Monday, 2 June 2008

Aluminum? No. Aluminium you ass…

My tenure in the great state of California was a mixed bag. It began in 1996 with a stint at GameFan but ended in 2000 after Computec Media's US operation imploded in complete disaster with 30 mil washed down the toilet. So how does a successful media company blow 30 million down the swanny then? Quite simple really. Convince seasoned game journos to launch a magazine that features the biggest names in TV, music and movies playing games! Oh, get a few previews and a screenshot or two in there also. Just in case you want to actually *see* a game in the magazine. How did it fare? First issue of Incite: Video Games was actually a monster and still holds the record for best launch in the video games market with about 800,000 copies shifted. It did not last. Evil forces were afoot as all kinds of plotters and back stabbers were working tirelessly to discredit the magazine and scupper advertising deals. Future Publishing (or Imagine as they where known back then) sent letters to all the key advertisers telling them to 'resist the German invasion' and it was as close as calling us Nazis or mentioning the war as you could legally get! Of course they were cowardly sods so they got printers and other agencies to do the work for them. The magazine concept might have had the legs to weather the storm had there been a Wii or DS in the market but games back then were still pretty hardcore and most gamers couldn't care less for lifestyle garbage. It was amusing to have a photography budget for one issue that eclipsed what we spent on Mean Machines during it's entire life span!


ImortalComputec said...

Regarding Computecs talent for wasting money; if memory serves me correct Computec UK were knocking out strategy guides for Incite and most of the other tatty German titles. A room full of guys in the UK, writing strategy guides for the Germans, who were at the same time spending all day playing the same games so that they could verify the content of the strategy guides being written in the UK. That man Swallow could have sold ice to the Eskimos. The icing on the cake was when the German’s would then fly over to the UK for an editorial post mortem just to inform us of a spelling mistake on page 67. Perhaps they were really laundering vast amounts of cash back to Germany and these pointless meetings were just a front?

Gary Harrod said...

You are indeed correct sir! In fact, when i returned to the UK and began my second term in the Computec asylum the first thing I pushed for was the removal of that 10+ person strategy team who took the entire fourth floor. Most of the other staff could be found indulging in one or more of the following:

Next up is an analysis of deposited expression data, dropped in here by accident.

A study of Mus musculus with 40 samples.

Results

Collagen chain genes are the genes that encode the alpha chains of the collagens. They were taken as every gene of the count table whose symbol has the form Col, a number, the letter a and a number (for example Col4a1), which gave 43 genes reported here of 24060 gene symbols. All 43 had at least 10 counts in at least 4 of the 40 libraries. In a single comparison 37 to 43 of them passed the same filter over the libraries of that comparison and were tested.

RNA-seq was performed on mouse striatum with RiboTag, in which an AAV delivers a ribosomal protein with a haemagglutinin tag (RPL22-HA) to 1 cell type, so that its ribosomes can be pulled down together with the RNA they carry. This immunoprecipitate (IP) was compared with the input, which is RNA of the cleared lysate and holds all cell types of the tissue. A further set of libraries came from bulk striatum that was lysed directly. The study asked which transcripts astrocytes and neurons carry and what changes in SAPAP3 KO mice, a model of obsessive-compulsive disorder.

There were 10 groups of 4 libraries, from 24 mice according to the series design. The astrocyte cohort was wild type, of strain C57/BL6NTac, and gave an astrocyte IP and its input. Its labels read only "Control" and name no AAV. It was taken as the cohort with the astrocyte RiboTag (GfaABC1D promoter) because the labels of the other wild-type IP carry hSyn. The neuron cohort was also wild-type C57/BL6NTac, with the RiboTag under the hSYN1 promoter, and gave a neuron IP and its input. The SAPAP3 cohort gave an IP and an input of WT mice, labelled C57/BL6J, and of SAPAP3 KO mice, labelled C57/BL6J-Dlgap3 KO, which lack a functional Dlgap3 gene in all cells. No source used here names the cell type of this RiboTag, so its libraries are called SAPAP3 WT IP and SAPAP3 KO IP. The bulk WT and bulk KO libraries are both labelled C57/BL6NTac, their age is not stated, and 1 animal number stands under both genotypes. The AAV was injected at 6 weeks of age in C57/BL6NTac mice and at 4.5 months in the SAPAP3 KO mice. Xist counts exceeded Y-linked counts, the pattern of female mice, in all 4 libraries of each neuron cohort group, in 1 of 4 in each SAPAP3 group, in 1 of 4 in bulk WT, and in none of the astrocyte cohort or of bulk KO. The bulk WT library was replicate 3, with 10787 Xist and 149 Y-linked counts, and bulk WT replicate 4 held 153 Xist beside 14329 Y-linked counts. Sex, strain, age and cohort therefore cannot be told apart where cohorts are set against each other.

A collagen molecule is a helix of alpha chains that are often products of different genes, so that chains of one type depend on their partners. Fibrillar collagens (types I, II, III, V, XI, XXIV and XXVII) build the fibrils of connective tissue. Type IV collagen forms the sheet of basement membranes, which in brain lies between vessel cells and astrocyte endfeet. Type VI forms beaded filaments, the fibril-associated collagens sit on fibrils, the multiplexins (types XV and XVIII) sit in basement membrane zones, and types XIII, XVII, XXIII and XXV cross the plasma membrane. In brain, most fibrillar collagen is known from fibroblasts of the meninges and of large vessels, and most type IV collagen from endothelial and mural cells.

1. Selling promo games to Computer Exchange.
2. Tasting the toothpaste of the fat PR girls whenever a journo event came around. That's you Nutter!
3. Draining bandwidth with endless MP3 downloads.
4. Buying copies of every mens magazine and claiming them under expenses for 'magazine design research'.

ImortalComputec said...

You saboteur!

Those poor tips monkeys, consigned to a meagre existence of ironing their underpants in front of daytime TV. Still, it helped fund the DVD dept ;)

Now, every time that I look into the mirrored Computec Media signage that now hangs in my bathroom (expertly thieved the day the Future Trojan Horse appeared outside the office doors), I will always see your face starring back!

Gary Harrod said...

Saboteur indeed. The staff that possessed intelligence were kept on. The other vegetable-heads were tossed aside! Don't feel sad for them. It was the spark that ignited many a great career in fast food sales for them... :)

Richard said...

The history of the tips department was pretty convoluted. They started out as a freelance operation in Norwich and did work for Computec Germany. When the company floated, rather improbably the Tips people were bought out as an acquisition and told to pack up and move and join the new Computec UK in Harrow.

Basically they had a guy who could draw fantastic maps, and most of the guys were people that the owner of the tips company (who was ironically the first to go) employed off the street. All this happened basically before Computec UK actually formed.

Once the workload increased, so did the questionable editorial. The idea was that these 'experts' would carry out this essential function while the journos wouldn't have to. But it didn't work out like that, with the Germans playing through to check the copy and even correct the maps (!) while the US simply refused to use the content at all.

So basically, nowt to do with Marc Swallow, but still a staggering waste of time, effort and money.